I keep thinking maybe it's because Al wants to conserve energy and Tipper leaves all the lights on in the house. Something like that going on for 40 years might have just been too much. Or maybe Al always squeezed the tootpaste in the middle, for 40 years. Or maybe they have philosophical differences on how to stack the dishwasher and just couldn't come to a compromise. All understandable reasons to say enough is enough

Al and Tipper Gore Separate: Why Some Long Marriages End - TIME

Who would have thunk a few years back, the Clintons would have the most stable marriage rather than the Gores or Edwards'? (that is, if you use staying married as the sole definition of stable).
The Clinton marriage is one of convenience..........Bill "conveniently" forgets to be faithful, and Hillary "conveniently" forgets that Bill is unfaithful..........

What do you or your spouse do in ER that makes them nuts and threaten to leave you (or worse) that was ok while you or spouse was working?

We used to do a full check on financials about every quarter. Now I'm checking every week
Makes DW nuts since we dont actually change anything. She compares it to getting our hosue reappraised
I thought the 40 year itch thing was about a person's age and not the number of years they've been married...

I've heard about the 7 year itch for married couples. Hmmm, for me that was 26 years ago...
My casual idea judging from what is reported on this board is that very many are still with their mate of most of their life. I am not sure that reporting is absolutely accurate though.

ER itself and our children growing up is what bombed my marriage. My wife wasn't too keen on self impoosed spending limits as her friends spent more while having less. This fact can be interpreted variously, and she interpreted it one way and I another.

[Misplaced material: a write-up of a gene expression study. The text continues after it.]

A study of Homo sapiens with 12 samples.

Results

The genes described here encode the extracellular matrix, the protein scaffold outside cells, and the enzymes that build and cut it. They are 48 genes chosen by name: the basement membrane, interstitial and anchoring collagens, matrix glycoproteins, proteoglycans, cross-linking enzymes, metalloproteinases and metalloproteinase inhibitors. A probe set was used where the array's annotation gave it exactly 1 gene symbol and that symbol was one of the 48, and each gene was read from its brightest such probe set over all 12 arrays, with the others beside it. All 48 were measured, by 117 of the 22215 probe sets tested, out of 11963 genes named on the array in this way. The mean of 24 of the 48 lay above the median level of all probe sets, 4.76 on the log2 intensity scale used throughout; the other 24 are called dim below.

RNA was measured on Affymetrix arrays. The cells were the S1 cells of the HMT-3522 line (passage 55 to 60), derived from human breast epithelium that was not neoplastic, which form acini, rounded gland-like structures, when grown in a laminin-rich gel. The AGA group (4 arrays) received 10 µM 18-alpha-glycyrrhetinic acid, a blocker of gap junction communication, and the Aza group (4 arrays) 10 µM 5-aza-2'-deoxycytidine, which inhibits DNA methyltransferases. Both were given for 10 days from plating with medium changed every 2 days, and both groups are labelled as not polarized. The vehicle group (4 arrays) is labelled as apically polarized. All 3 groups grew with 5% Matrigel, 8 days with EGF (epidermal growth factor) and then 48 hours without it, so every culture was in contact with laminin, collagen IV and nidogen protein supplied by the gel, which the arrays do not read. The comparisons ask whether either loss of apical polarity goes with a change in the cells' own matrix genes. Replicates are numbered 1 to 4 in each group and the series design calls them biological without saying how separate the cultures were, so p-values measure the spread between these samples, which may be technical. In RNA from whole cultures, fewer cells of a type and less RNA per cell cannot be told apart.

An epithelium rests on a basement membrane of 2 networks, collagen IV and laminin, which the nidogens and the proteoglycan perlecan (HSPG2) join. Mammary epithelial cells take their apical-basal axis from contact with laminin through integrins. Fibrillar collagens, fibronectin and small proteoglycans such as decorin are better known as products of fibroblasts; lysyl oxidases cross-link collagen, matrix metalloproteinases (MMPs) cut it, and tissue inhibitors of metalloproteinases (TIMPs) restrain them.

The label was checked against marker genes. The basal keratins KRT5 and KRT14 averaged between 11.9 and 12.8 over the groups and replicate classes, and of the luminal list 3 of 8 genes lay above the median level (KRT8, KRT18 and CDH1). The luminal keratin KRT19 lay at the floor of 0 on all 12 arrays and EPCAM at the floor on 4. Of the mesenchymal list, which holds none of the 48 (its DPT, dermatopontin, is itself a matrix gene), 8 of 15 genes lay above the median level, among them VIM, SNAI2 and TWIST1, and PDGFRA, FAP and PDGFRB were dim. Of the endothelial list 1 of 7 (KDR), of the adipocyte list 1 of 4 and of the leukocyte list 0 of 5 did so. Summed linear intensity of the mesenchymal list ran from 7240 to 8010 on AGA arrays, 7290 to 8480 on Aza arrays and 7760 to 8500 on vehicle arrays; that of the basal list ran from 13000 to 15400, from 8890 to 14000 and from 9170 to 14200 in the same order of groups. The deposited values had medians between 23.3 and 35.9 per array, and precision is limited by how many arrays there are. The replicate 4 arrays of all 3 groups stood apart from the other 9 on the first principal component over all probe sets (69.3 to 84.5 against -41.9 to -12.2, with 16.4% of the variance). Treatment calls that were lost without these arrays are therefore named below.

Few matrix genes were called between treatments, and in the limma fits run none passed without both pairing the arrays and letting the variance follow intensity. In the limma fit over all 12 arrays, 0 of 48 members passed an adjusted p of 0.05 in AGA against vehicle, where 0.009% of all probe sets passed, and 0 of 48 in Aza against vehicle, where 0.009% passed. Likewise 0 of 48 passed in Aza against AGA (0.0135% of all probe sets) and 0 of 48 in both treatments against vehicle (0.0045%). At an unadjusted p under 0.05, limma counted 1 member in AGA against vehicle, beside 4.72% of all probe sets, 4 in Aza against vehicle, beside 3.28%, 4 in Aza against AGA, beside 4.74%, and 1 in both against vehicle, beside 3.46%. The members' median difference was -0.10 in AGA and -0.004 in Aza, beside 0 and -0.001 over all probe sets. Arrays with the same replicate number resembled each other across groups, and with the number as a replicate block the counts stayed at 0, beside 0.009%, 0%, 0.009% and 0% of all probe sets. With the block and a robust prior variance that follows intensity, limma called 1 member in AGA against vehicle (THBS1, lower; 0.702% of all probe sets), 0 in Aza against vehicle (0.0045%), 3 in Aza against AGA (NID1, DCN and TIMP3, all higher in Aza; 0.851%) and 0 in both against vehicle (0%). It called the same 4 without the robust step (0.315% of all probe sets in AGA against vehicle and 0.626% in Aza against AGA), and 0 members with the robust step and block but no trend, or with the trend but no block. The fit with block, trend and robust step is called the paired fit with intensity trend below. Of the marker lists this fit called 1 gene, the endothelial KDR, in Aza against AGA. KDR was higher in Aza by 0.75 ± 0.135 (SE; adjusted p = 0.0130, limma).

It can be interesting and hopefully for most rewarding.

It can be interesting and hopefully for most rewarding.
My opinion is that sometimes you have to renegotiate.

Both my sister and an aunt got divorced after their husbands retired from the USN.
The affair was clearly good for you as you ended up much happier! But you have not convinced me it was good for your marriage!

Absolutely.

DH and I will be married 40 years in November. In my wildest dreams, I can't imagine separating; we've been through too much. Also, now is the best time of our lives!
oh we still have to use protection you know

Why call it quits after decades of marriage? - CNN.com

Of course, human nature, when someone in the public eye says they just want to keep in private and leave us hanging, speculations and rumors start. Especially most marriages just don't end after 40 years.

But about 39% of USA marriages currently end in divorce. This is often the elephant in the room for ER risk that you don't see mentioned so much.

That is so thrilling for a man to read. "Honey, if I had a fire you'd be the guapo to light it, but the fuel is all spent."

But about 39% of USA marriages currently end in divorce. This is often the elephant in the room for ER risk that you don't see mentioned so much.

Kramer
I don't know about that. I've read many lists of "rules" for early retirement. Almost without exception, rule number one is "don't get married. If you are married, stay married".

But after ER, she has become amazingly frugal. And she is one of the most logical women I have had the pleasure of meeting.